We’re very fond of The Last Starfighter. The 1984 space opera was ahead of its time, and it remains one of the few ’80s sci-fi flicks with a large, appreciative audience that hasn’t been overhauled for a remake or a belated sequel yet, but that’s not through lack of effort on director Nick Castle’s part. He’s been bogged down in all sorts of rights issues trying to get something off the ground for many years, and in a new interview with Bloody Disgusting, he’s been speaking about the planned sequel that slipped through his fingers.
Developed at Relativity and killed stone dead by red tape way before the studio filed for bunkruptcy back in 2015, a follow up flick would have caught up with Alex Rogan decades after he was recruited by an alien defense force to fight in an interstellar war, after being marked by his skill at playing a simple arcade game at the humdrum trailer park where he lives.
“This was 10 years ago or more, maybe 12 years ago,” Castle remarked to the site. “I think it was 2005 and it was going to be at that point a 30 year, 35 year sequel. It was literally a sequel where Lance [Guest] and Catherine Marie [Stewart], the leads were going to come back as parents. We had a fun script so I’m not sure right now where Jonathan [Betuel] is going to take it. He has a partner named Gary Whitta who wrote Rogue One so he’s in good company there. Hopefully, they’ll mount something fun and we’ll see our characters again.”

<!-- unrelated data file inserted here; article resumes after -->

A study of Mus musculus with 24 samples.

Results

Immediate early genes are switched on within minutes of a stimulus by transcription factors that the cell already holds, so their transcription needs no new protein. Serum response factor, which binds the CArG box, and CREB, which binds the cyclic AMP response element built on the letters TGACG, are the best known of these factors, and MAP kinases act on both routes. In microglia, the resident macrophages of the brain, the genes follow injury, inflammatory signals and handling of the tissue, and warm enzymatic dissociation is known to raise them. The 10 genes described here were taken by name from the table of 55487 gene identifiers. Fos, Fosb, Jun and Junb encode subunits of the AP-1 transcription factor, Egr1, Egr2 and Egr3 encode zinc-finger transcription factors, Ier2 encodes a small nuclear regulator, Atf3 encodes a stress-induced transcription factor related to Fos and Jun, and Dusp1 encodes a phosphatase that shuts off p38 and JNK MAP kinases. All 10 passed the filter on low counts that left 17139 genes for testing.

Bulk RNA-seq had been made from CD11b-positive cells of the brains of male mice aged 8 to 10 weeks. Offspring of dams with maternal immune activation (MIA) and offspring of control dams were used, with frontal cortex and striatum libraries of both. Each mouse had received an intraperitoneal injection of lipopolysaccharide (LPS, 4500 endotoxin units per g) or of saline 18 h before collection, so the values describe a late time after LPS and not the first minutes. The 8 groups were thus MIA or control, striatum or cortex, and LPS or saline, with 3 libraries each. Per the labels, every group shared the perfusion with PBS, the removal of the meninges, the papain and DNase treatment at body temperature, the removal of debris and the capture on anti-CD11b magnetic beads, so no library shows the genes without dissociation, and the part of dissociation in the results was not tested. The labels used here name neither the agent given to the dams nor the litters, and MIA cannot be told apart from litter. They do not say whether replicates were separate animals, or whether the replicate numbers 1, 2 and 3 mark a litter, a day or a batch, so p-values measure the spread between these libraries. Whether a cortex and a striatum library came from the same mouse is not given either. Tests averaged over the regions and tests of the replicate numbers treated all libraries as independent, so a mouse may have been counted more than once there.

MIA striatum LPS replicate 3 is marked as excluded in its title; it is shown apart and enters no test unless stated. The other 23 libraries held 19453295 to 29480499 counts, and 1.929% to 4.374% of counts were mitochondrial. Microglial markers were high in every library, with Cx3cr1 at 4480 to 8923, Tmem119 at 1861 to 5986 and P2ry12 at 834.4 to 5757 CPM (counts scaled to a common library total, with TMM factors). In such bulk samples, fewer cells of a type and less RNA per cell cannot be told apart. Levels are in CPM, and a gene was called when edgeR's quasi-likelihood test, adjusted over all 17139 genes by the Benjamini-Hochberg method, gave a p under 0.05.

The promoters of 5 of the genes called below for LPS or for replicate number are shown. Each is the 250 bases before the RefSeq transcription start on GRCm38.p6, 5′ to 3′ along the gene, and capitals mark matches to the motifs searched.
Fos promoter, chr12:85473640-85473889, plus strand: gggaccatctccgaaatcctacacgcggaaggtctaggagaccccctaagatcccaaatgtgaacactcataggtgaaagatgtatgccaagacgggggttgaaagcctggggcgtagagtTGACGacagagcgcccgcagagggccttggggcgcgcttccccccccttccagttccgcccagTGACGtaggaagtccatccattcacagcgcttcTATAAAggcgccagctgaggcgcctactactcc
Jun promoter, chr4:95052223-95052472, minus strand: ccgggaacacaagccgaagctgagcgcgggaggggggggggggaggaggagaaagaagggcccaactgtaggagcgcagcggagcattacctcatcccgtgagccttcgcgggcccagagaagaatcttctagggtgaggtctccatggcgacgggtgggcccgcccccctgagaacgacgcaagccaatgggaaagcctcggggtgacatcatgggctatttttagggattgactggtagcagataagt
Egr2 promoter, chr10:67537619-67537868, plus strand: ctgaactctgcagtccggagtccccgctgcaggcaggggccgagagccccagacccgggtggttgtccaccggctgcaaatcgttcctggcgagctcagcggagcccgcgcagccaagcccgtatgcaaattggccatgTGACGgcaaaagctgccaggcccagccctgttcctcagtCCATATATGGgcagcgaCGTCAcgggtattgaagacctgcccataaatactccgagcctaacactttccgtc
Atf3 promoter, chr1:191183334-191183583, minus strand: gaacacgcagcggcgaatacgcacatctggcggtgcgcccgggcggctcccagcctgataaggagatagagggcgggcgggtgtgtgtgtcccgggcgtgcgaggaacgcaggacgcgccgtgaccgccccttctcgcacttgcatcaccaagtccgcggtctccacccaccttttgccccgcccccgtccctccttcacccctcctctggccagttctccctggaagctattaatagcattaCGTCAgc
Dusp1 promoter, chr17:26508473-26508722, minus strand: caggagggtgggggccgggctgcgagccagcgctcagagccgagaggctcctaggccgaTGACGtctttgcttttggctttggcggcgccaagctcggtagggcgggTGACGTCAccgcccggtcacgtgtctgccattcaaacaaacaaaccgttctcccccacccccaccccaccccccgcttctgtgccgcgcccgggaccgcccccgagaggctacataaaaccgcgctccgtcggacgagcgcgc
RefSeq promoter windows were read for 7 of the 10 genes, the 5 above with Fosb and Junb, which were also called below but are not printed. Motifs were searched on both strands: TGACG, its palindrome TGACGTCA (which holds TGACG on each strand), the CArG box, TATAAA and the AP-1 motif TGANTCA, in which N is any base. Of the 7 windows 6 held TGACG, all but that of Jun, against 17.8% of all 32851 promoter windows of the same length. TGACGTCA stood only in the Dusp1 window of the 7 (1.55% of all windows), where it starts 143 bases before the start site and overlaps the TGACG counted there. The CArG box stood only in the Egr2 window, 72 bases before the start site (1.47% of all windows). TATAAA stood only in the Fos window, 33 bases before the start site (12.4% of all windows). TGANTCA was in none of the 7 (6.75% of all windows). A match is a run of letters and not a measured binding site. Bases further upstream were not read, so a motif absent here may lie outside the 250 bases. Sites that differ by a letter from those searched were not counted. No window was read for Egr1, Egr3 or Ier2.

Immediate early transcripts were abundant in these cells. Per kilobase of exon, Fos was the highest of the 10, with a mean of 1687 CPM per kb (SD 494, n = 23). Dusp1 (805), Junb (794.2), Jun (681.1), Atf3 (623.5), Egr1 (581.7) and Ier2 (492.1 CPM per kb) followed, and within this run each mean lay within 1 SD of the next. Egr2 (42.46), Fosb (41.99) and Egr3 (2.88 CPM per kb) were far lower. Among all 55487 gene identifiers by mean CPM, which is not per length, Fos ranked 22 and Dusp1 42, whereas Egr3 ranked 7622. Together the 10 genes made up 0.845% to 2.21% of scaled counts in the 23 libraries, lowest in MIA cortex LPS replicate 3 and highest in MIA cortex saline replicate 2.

Indeed, original screenwriter Jonathan R. Betuel had often supposedly said that he wanted The Last Starfighter to be left alone, but he seems to have been won over by Whitta, whose Rogue One script makes one hell of an audition for the position. The pair are continuing to work together to get a Last Starfighter movie made, after a long battle between Universal and Warner Bros nixed any movement on a sequel or remake. Whitta has since described the project the pair are developing together as “a combination of reboot and sequel that we both think honours the legacy of the original film while passing the torch to a new generation” but this has all only recently been gaining any traction, as Castle confirms.
“Now just this last year, the writer has retained the rights legally now. So he’s going to go out a second time around and get this thing done. I won’t be a part of it as a director. Hopefully, I’ll help out in the background but we’d love to do that. It’s so ready. The 80s, of course, are being mined by everything. It’s like the last thing that has not gotten remade or had a sequel. I’d love to see that continue on.”
The visual effects of The Last Starfighter were pretty groundbreaking for their time, but any new project is going to look extremely futuristic in comparison. The game that Alex manages to get such an eye-catching high score playing in his downtime would probably look better than the sum total of the effects laid out ahead of it.
“Those were real baby steps back then,” Castle mused. “It was impressive, that’s for sure, because no one really had done that It looks so dated now. I look back and I cringe. The work that can be done now, it’s ubiquitous. You do it, it’s so well done, the artists are amazing. When we did it it was all research and development that went on at the same time as we were doing the movie. It certainly was, from a historical point of view, an important movie in that sense. Now, of course, that won’t be the issue. It will be using technology that everyone’s familiar with.”
We’ll bring you more news on Whitta’s new Starfighter movie as we get it.